Today, Mike Allen published one of the most masturbatory articles I’ve seen come out of the beltway in quite some time.

In it, he describes how Bush’s minions still push Bush’s spin to reporters to try to salvage his legacy. What’s weird, of course, is that these minions are presumably pushing the spin to Allen. Which means the anonymous journalists used as sources in the article may well be none other than Mike Allen!

The defense never rests. When President Barack Obama released his own policy this week on former President George W. Bush’s practice of attaching controversial signing statements to legislation, a reporter quickly got a tip from a Bush loyalist: the cell phone number for a White House lawyer in the past administration.

[snip]

A few days before Obama announced he was abolishing Bush-era limits on federal funding for embryonic stem cell research, Bush supporters who frequently appear on TV received an e-mail from an adviser saying: “I wanted to send you the following two documents on President Bush’s record on stem cell research: 1. a Bush White House fact sheet on President Bush’s record of advancing stem cell research in ethical, responsible ways and 2. a November 2007 Washington Post column by Charles Krauthammer, ‘Stem Cell Vindication.’”

Recipients said the information was helpful and that they were struck by the fact that it wasn’t talking points — just a savvy reminder of points the press was likely to overlook.

What are the ethics behind a reporter granting himself anonymity under his own byline?

(To be fair, I’m not sure whether recipients here refers to the minions or to the journalists. And who is this advisor if Bush isn’t pushing Bush himself?)

Then Allen goes on to describe the minions as "approaching celebrity."

Participants say the effort is not coordinated or organized but, rather, a natural result of the hunger by bookers and reporters to get the views of aides who approached the status of celebrity through their service in a two-term presidency. The Bush alumni said they make their points subtly — both because the former president does not want to feed an Obama vs. Bush story line and because they know they will never win that battle.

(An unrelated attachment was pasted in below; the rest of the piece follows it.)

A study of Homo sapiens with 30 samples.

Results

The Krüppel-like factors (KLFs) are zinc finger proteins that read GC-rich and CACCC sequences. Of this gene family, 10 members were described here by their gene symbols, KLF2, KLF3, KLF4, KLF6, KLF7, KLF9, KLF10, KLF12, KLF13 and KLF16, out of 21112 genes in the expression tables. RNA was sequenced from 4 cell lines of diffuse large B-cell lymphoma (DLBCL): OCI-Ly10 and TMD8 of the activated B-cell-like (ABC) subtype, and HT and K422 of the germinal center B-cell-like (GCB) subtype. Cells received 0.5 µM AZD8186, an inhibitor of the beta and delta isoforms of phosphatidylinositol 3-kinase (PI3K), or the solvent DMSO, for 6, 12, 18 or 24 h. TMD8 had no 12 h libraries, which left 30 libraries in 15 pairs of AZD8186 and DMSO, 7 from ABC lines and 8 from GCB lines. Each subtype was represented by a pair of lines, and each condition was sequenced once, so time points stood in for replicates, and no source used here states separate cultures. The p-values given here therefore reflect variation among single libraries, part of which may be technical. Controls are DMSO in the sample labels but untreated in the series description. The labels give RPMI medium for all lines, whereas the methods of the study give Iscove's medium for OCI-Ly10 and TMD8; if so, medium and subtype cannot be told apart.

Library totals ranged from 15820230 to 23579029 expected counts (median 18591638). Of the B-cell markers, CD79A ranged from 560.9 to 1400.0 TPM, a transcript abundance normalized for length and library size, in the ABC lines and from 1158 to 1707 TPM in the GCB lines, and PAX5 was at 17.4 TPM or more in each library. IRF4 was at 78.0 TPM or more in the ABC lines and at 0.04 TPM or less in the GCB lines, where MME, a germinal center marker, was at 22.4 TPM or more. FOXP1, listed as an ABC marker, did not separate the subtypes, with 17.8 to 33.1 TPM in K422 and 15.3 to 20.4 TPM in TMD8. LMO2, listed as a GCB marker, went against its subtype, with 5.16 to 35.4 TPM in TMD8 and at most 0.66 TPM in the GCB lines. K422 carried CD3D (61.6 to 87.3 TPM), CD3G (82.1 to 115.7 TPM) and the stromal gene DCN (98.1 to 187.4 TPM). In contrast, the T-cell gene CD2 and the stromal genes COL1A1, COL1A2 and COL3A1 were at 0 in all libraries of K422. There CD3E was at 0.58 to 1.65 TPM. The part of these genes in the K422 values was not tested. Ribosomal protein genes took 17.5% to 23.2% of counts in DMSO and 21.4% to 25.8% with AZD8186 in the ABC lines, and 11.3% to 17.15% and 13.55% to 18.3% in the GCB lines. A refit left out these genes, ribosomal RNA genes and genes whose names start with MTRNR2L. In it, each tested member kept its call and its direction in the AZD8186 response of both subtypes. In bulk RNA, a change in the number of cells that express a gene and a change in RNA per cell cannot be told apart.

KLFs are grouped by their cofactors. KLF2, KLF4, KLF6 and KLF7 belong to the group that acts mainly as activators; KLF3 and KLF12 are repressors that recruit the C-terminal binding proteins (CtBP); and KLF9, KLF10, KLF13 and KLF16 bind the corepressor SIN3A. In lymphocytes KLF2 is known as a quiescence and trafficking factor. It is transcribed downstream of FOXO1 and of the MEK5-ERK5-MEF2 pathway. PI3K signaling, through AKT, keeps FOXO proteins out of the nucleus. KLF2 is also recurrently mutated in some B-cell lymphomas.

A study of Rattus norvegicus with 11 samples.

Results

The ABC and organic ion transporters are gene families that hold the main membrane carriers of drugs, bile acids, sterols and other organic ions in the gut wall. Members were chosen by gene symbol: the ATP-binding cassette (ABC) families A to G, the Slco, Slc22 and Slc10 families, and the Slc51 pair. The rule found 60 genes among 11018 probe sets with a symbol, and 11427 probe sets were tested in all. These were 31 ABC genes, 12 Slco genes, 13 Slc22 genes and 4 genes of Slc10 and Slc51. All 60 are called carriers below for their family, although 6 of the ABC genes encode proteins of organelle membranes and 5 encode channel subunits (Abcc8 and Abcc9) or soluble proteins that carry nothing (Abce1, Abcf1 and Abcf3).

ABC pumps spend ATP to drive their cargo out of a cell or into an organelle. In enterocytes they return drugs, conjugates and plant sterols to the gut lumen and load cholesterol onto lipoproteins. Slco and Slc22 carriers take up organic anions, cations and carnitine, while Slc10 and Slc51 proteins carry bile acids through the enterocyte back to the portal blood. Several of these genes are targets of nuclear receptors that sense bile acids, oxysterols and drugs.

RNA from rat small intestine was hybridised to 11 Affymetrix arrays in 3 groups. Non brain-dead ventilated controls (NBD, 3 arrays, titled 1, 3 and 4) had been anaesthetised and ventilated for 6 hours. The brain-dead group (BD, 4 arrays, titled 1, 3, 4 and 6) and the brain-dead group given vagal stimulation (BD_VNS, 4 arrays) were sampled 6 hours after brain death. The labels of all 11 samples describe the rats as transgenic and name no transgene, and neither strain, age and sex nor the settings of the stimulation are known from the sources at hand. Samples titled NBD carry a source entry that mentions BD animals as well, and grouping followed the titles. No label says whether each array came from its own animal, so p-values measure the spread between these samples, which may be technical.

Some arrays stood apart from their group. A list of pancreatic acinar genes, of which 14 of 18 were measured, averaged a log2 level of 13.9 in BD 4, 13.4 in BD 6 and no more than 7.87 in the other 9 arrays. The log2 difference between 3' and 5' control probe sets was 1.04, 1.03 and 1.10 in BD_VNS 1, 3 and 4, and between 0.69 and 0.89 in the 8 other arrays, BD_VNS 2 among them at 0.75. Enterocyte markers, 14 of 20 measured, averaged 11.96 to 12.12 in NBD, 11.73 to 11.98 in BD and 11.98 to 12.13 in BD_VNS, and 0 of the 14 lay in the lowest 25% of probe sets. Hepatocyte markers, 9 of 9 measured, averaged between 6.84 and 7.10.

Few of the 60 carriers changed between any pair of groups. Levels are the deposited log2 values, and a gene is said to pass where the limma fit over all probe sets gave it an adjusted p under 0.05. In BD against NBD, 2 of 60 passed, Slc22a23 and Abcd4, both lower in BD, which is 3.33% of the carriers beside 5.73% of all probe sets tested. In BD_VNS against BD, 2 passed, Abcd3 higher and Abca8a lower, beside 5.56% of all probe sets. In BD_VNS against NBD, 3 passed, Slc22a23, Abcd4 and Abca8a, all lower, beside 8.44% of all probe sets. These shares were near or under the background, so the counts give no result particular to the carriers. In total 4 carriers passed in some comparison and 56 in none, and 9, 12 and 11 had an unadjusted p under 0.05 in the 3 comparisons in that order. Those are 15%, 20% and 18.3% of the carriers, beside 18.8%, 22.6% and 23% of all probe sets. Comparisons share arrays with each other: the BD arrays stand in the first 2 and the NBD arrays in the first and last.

What Allen doesn’t point out is how his own adulation for these hacks is one of the only things that accords them any celebrity–many of them are virtually unknown except among political junkies.

The Bush defense forces include Fleischer; former press secretary Dana Perino; Bush political czar Karl Rove, who has contracts with Fox News, The Wall Street Journal and Newsweek; economics guru Tony Fratto; the prolific Peter Wehner, former director of the White House Office of Strategic Initiatives; and the graceful speechwriter Michael Gerson, who writes an opinion column for The Washington Post.

Sure, Karl Rove has his own well-deserved notoriety. Dana Perino is by far the best looking of Bush’s press secretaries. But what did Michael Gerson ever do to graduate from being a plain old speechwriter to being "graceful" one? I’m a political junkie myself and have no idea who Peter Wehner is, much less what he’s done to be labeled "prolific." And jeebus!! Who in their right mind would label Tony Fratto an "economics guru"?!?!?!?

Ultimately, Allen’s point is that Bush’s flaks are still out there and still relevant.

So the Bush message persists in the punditry ether.

But if it weren’t for Allen’s own writings, would they even register?

If a disgraced Bush hack shits in the punditry ether and Mike Allen’s not there to record it, does the hack really make a sound?

emptywheel

emptywheel

Marcy Wheeler aka Emptywheel is an American journalist whose reporting specializes in security and civil liberties.